I am a returning student of the violin. In the last year I have played Rutter's Requiem and Handel's Messiah (first half + 44). I found Rutter's Requiem very satisfying as it was the first major piece I had played on violin and I consider it overall a success. The Messiah I found extraordinarily difficult and played on the beats for most of the allegro portions during our concert. I am chalking it up to a learning experience and hoping that someday I'll get to play it again.

I won't receive the music until after the first of the year, but I looked at a score this morning. The second violin part looks like there is much less shifting.

Any thoughts are welcome on how I should approach this piece and how it compares to the Rutter and Handel pieces.

Also, I am assuming since it is a Requiem that most of it moves at the speed of a dirge. Is that correct?

Thanks in advance,



My general experience with Brahms' music is that it can be hard. He was a successful composer in his own lifetime and so probably assumed that his works would be performed by leading orchestras of that era. Thus, he wrote what he wanted and assumed it would be playable.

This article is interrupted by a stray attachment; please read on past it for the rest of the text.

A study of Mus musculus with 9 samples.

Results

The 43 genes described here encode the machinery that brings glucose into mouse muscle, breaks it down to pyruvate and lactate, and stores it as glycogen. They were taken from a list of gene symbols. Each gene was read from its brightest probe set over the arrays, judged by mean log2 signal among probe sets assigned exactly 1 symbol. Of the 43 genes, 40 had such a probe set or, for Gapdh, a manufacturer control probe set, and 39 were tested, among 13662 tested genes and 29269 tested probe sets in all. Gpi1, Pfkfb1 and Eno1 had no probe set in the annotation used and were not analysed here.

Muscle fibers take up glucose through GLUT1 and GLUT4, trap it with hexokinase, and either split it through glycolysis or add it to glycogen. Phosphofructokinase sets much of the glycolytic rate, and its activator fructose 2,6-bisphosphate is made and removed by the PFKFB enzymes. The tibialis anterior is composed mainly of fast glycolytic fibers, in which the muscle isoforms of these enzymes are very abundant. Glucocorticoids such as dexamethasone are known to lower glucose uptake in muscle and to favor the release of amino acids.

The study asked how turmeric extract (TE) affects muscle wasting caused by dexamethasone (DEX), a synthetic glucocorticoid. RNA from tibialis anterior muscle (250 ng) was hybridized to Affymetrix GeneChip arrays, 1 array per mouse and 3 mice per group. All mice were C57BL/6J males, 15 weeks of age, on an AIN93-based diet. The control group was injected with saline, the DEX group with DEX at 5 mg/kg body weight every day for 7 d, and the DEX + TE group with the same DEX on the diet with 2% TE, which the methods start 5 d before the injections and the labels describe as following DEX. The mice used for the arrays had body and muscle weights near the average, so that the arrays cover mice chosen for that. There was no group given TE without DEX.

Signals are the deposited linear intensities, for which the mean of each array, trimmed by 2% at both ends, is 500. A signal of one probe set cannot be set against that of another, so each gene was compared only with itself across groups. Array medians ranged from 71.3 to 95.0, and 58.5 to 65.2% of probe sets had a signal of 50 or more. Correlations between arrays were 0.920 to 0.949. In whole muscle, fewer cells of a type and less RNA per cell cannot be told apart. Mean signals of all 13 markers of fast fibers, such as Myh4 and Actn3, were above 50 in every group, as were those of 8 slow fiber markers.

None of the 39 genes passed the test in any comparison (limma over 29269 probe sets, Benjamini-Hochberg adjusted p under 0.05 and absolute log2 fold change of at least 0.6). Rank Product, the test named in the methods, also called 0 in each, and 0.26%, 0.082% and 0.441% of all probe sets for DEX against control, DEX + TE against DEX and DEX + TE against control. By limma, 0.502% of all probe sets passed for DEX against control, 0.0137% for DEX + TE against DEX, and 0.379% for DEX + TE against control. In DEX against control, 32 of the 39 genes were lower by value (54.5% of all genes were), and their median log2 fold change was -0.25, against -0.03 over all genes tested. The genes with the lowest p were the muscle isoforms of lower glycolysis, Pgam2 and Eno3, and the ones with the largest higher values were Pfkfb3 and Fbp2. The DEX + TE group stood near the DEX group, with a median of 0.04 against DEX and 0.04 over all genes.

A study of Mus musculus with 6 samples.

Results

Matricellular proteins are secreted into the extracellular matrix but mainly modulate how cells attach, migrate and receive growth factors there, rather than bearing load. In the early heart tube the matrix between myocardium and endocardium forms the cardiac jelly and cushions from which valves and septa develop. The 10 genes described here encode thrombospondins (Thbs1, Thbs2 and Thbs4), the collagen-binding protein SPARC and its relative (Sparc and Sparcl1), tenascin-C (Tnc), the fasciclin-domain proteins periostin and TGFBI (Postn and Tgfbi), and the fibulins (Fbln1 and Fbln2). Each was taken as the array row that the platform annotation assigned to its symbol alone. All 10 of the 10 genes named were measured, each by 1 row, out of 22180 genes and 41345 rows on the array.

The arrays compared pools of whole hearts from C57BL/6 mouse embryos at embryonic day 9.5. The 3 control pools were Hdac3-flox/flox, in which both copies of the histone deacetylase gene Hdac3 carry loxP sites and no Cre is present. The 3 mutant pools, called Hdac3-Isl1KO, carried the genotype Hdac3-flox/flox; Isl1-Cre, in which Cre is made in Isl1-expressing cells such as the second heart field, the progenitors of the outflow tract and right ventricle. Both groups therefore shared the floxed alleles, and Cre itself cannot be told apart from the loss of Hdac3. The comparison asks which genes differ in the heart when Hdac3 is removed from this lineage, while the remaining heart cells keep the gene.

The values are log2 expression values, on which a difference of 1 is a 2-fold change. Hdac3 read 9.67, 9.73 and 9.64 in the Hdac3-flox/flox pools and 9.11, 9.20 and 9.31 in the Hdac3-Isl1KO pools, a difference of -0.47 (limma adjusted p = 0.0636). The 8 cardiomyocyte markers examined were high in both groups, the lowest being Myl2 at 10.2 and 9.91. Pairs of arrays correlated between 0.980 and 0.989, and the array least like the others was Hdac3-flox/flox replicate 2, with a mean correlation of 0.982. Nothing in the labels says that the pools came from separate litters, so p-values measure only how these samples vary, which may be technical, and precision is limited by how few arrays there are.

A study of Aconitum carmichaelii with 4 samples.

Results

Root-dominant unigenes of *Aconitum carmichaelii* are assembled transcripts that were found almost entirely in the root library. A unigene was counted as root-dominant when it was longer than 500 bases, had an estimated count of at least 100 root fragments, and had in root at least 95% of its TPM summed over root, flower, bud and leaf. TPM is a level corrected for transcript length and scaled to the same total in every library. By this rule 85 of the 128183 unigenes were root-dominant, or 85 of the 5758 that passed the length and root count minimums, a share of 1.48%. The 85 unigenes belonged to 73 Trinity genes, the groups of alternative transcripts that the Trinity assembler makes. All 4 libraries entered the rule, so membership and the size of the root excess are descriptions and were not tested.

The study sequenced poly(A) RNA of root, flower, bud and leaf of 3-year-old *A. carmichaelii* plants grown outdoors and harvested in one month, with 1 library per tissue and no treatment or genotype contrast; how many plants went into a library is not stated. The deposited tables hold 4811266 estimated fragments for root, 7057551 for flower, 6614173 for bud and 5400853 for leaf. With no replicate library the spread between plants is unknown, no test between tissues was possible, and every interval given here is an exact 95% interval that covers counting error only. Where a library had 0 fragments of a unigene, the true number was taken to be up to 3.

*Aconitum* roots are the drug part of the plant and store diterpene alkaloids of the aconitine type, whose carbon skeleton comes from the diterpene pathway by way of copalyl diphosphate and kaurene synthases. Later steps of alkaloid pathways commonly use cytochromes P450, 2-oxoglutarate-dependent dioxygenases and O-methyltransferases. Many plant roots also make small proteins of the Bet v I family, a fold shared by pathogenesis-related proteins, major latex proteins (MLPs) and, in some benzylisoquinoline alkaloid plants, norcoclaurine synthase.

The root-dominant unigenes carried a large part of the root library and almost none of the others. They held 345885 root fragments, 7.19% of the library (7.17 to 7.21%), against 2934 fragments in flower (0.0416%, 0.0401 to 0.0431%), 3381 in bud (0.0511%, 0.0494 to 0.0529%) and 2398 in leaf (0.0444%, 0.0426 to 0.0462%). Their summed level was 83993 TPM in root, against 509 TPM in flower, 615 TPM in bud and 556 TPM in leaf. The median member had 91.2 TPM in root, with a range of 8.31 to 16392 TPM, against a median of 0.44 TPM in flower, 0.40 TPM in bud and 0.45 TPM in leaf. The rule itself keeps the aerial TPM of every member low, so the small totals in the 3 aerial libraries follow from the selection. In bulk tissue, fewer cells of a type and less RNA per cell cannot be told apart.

You may find this work somewhat over your head, but if the orchestra is big enough for you to safely fake through a few of the parts, I think you'll find the experience worthwhile. (I do hope that you will not make the decision to fake or not lightly; there is always the issue of disappointing your fellow players, which you should also consider.)

Good luck if you decide to press on.





I would highly recommend that you listen to a recording, get VERY familiar with the piece & learn how your part fits in. That kind of knowledge really pays off when you find yourself in the middle of something so massive & complex.